Monday, 13 April 2009

Dyeing Wool with Logwood

Today I feel I can finally draw a close to my experiments with logwood (Haematoxylum campechianum) which, would you believe, began well before last Christmas. Now I have a range of samples and, having finally reclaimed my dye pot, I've emptied it of anything even remotely purple and begun extensive work on the onion skins we've been collecting for so many months instead.
The red coloured chips are the raw material obtained from the heart of the trunk of the logwood. The stuff I've been using is 20 yr old pharmaceutical grade chippings that I was lucky enough to get from the pharmacognosy collection I've been cataloguing. It looks far less bitty and dusty than what I usually see being sold for dyeing so that it's characteristic green sheen is clearly visible in real life. Amazing stuff, it has a patina almost as you'd expect to see on a colourful beetle.

The black chips are how they look after use and the small piece of stocking is an indicator of just how little I used to obtain all the purple wool in the picture plus about the same quantity again in the same strong purple.

The first bath I did only used a small quantity of wool (I didn't expect the dye to go quite so far) and produced the bright violet visible on the un-spun fleece to the right.

Thereafter, I plonked in several loads more fleece and kept getting the medium purple visible at the back of the picture. The dye bath seemed to have absolutely no inclination to exhaust itself and eventually, exotic though purple is, I decided I'd had enough of it and didn't want to waste any more wool in an effort at clearing the dyebath.

Hoarder as I am, I put the dye pot full of purple liquid on a shelf until I could decide what to do with it. Logwood is expensive and I just couldn't bring myself to waste such a good bath.

Several months later I started noticing interesting solids bobbing up and down in the purple sludge that was still sitting there on the shelf. A prod with a long stick indicated it to be a new and rather slimy life form that was beginning to take on a shape of its own.

This discovery, combined with my need to do further experimentation before the Smithsonian festival finally led me to pull the pot off the shelf for another go. Interestingly, around the same time I read on a web site that leaving logwood water to oxygenate for a period of time can cause it to produce black instead of purple. Brilliant I thought, if 6 months isn't a decent period of time I don't know what is.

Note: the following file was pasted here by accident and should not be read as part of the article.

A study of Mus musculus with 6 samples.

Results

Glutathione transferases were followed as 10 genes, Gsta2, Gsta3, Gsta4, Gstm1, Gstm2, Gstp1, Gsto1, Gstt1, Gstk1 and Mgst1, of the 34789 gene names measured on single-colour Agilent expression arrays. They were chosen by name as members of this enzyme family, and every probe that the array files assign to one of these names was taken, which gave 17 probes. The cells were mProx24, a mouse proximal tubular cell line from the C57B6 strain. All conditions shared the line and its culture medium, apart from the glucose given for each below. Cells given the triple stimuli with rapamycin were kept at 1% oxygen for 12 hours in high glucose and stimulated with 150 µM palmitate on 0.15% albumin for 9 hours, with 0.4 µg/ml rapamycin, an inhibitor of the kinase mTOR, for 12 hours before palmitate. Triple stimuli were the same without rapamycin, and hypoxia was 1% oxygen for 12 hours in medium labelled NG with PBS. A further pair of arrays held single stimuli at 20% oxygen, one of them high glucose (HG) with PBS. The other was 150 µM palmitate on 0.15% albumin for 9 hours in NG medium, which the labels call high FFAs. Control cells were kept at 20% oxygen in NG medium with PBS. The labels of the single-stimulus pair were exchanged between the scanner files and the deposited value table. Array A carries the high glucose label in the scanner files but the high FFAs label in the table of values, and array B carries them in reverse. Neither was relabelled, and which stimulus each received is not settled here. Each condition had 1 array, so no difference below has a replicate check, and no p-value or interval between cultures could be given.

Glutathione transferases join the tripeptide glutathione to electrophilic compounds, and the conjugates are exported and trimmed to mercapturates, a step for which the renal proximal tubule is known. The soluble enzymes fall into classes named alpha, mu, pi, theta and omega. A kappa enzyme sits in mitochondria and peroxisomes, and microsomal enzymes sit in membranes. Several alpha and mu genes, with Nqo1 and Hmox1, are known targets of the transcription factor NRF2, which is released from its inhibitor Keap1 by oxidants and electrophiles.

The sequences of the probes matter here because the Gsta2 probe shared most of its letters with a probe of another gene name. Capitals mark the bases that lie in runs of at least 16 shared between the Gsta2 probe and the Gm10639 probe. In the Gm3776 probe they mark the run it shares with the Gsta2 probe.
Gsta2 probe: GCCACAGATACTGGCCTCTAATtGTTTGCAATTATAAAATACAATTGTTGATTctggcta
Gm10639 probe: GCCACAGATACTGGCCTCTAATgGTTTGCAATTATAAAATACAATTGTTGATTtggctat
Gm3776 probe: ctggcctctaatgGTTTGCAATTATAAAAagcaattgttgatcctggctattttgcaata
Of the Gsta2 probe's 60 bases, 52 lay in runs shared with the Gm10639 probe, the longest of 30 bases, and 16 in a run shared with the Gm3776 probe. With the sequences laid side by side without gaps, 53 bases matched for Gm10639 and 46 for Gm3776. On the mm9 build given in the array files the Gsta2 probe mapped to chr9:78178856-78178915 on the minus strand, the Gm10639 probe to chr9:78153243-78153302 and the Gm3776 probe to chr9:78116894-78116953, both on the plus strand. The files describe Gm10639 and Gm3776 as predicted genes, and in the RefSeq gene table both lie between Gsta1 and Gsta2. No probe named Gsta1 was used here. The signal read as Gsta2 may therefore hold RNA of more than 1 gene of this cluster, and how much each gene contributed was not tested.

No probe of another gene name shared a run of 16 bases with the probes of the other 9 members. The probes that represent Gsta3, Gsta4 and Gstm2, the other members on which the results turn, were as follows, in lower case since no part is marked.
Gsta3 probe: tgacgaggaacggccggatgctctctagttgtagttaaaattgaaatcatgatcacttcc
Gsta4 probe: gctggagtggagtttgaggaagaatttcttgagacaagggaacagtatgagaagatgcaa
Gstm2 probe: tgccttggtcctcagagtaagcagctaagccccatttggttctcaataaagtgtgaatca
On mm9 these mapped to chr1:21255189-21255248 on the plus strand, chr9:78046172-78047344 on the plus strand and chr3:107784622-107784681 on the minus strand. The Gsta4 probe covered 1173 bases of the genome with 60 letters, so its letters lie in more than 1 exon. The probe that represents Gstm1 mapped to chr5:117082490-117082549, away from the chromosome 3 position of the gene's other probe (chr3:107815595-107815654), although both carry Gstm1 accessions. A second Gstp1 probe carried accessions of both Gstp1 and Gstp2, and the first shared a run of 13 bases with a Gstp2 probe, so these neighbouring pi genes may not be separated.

So I put my final 100g of fleece into the pot and boiled it up in high hopes of something bordering an exotic black. Sadly, I ended up with a rather blotchy and uninspiring colour I can only describe as browny-salmony-mauve. I didn't hold out much for a good result, but once carded and spun it it produced the paler mauve hank in the picture - a colour which has been growing on me ever since.

So I didn't get the black I had hoped for, but I'm satisfied with the rest and I now have enough purple wool to last me a life time.

Being my first attempt at dyeing in a kitchen setting, my methods for this lot have been a bit sporadic, but I can summarise it roughly as follows:

The wool used is mostly Hampshire (I think, it was someone's pet) and the occasional clump of white Jacob. All was pre-mordanted using Alum, but I have no idea what proportions I used for this batch.

My method was to boil up the logwood in my stainless steel dye pot for about 1 hour and I used the knotted stocking to prevent the chippings tangling up with the fleece.

The first lot of fleece, having been mordanted, was well wetted and warmed before being added to a gently simmering bath for around another hour. Thereafter I started throwing in whatever spare fleece I had to hand and, if I had some which wasn't mordanted, I chucked half the normal quantity of alum into the bath with it to simultaneously mordant it.

Once dyed, all fleeces were cooled and rinsed gently over a period of time and I used Ecover clothes washing liquid to clean out the excess dye. I then spent hours and hours carding and spinning purple on my wheel until I realised how overrated purple is and dropped it in favour of dyeing a few things yellow instead.

Incidentally, logwood will be going with me to the Smithsonian Folklife Festival for two reasons. Partly because it was definitely used by the Welsh dyeing industry of the 18th and 19th centuries and also because it's purple which is always a crowd pleaser.

Medicinally, logwood is not so impressive. The primary blue pigment of the heartwood, haematoxylin, is used in medical staining and also oxidises to form haematin - something I thought was a purely animal substances formed by the breakdown of haemoglobin. In fact, it seems haematin has been used to treat acute intermittent porphyria, but I bet that's from animal sources too.

Still, it's interesting that the contents of a purple tree can be even vaguely connected to a disease that sometimes causes purple urine - is there an inkling of the Doctrine of Signatures in here somewhere? Disappointingly, one source confirms for me that the haematin of logwood and the haematin of blood are not the same which I find just a little annoying. Once again I wish chemical names could be classified and systematised as logically as botanical names can.


Sarah said...

This look amazing, Kristina - wish I had the time and the wherewithall to try dyeing! Can we order a purple hat to use up all your purple wool??

Kristina May said...

It's certainly possible. I have a relative who's just come of age for a purple hat so I had been thinking about such uses. Not sure about the quality of some of the wool though. In my effort to use up the dye as quickly as possible, I fear some of the wool may only be suitable for a purple rug (a lumpy one) - it's certainly a pain to try and card.